AFTER ADAM AND EVE ate the forbidden fruit, God came strolling through the cool of the day and asked them two questions: "Where are you?" and "What is this that you have done?" Psychotherapists, psychologists, psychiatrists, and the like have been asking the same ones ever since.
"Where are you?" lays bare the present. They are in hiding, that's where they are. What is it they want to hide? From whom do they want to hide it? What does it cost them to hide it? Why are they so unhappy with things as they are that they are trying to conceal it from the world by hiding, and from themselves by covering their nakedness with aprons?
"What is this that you have done?" lays bare the past. What did they do to get this way? What did they hope would happen by doing it? What did they fear would happen? What did the serpent do? What was it that made them so ashamed?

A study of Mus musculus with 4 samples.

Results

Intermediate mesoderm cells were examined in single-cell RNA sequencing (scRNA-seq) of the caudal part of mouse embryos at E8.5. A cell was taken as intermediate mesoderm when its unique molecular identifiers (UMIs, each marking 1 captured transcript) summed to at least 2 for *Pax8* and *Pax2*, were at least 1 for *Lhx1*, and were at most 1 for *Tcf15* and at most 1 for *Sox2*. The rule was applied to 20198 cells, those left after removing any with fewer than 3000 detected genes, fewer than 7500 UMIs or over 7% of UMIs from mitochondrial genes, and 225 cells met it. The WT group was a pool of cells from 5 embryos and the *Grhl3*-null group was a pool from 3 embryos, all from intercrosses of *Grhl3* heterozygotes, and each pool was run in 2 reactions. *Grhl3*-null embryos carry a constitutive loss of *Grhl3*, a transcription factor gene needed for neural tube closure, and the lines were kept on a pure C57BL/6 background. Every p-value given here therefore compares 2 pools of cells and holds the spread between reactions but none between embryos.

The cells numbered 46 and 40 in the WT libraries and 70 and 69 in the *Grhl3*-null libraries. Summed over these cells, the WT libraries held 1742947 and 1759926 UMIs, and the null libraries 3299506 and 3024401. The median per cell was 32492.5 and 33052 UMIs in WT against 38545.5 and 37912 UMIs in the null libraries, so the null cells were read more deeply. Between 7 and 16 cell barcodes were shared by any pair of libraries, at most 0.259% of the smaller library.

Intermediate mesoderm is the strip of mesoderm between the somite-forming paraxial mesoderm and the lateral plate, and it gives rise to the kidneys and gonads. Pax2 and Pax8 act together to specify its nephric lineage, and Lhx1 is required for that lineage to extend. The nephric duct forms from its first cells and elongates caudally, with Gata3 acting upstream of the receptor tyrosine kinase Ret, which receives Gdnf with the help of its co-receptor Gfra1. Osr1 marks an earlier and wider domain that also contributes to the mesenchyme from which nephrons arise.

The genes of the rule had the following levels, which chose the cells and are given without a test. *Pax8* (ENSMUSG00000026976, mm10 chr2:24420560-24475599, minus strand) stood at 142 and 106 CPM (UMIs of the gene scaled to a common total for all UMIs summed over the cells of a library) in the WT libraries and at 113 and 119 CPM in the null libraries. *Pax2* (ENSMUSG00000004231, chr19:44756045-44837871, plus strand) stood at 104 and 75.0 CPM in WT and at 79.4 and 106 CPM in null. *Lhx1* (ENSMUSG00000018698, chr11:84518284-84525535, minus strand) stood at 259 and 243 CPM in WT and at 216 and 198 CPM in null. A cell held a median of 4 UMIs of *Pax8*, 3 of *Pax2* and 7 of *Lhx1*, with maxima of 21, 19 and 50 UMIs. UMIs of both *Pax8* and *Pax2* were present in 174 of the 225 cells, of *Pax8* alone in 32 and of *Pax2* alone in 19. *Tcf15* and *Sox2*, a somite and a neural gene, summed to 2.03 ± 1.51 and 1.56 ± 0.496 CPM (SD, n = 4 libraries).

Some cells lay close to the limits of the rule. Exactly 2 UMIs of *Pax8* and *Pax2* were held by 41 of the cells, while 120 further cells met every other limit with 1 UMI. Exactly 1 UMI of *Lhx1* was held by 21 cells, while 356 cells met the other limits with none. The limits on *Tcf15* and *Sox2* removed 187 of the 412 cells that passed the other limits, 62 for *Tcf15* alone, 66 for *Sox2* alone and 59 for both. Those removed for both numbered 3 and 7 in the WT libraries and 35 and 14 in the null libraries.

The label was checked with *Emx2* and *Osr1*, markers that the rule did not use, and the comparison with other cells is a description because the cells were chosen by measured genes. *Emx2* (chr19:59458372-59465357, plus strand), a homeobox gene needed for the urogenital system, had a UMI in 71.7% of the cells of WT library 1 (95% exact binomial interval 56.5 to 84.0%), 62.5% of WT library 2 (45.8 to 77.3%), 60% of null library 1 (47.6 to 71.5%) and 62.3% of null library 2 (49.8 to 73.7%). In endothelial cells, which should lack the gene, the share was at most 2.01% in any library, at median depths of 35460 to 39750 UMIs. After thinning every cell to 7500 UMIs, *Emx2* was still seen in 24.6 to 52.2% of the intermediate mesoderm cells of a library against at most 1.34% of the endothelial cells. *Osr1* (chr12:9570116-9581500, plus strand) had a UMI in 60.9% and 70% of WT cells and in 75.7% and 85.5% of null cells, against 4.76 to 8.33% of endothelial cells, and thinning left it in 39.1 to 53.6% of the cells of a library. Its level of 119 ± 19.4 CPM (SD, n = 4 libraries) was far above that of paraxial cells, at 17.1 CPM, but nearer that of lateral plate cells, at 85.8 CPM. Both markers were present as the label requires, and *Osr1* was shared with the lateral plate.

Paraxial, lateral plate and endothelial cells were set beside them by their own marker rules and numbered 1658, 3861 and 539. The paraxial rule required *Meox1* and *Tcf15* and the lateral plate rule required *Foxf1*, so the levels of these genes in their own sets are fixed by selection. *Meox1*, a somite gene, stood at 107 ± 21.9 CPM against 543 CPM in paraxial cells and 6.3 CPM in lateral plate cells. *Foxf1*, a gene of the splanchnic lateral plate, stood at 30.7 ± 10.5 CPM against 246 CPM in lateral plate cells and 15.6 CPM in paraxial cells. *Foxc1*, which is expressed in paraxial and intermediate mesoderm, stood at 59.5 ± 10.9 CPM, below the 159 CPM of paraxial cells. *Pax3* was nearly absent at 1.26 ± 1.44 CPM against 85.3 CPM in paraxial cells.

God is described as cursing them then, but in view of his actions at the end of the story and right on through the end of the New Testament, it seems less a matter of vindictively inflicting them with the consequences than of honestly confronting them with the consequences. Because of who they are and what they have done, this is the result. There is no undoing it. There is no going back to the garden.
But then comes the end of the story, where God with his own hands makes them garments of skins and clothes them. It is the most moving part of the story. They can't go back, but they can go forward clothed in a new way—clothed, that is, not in the sense of having their old defenses again, behind which to hide who they are and what they have done, but in the sense of having a new understanding of who they are and a new strength to draw on for what lies before them to do now.
Many therapists wouldn't touch biblical teachings with a ten-foot pole, but in their own way, and at their best, they are often following them.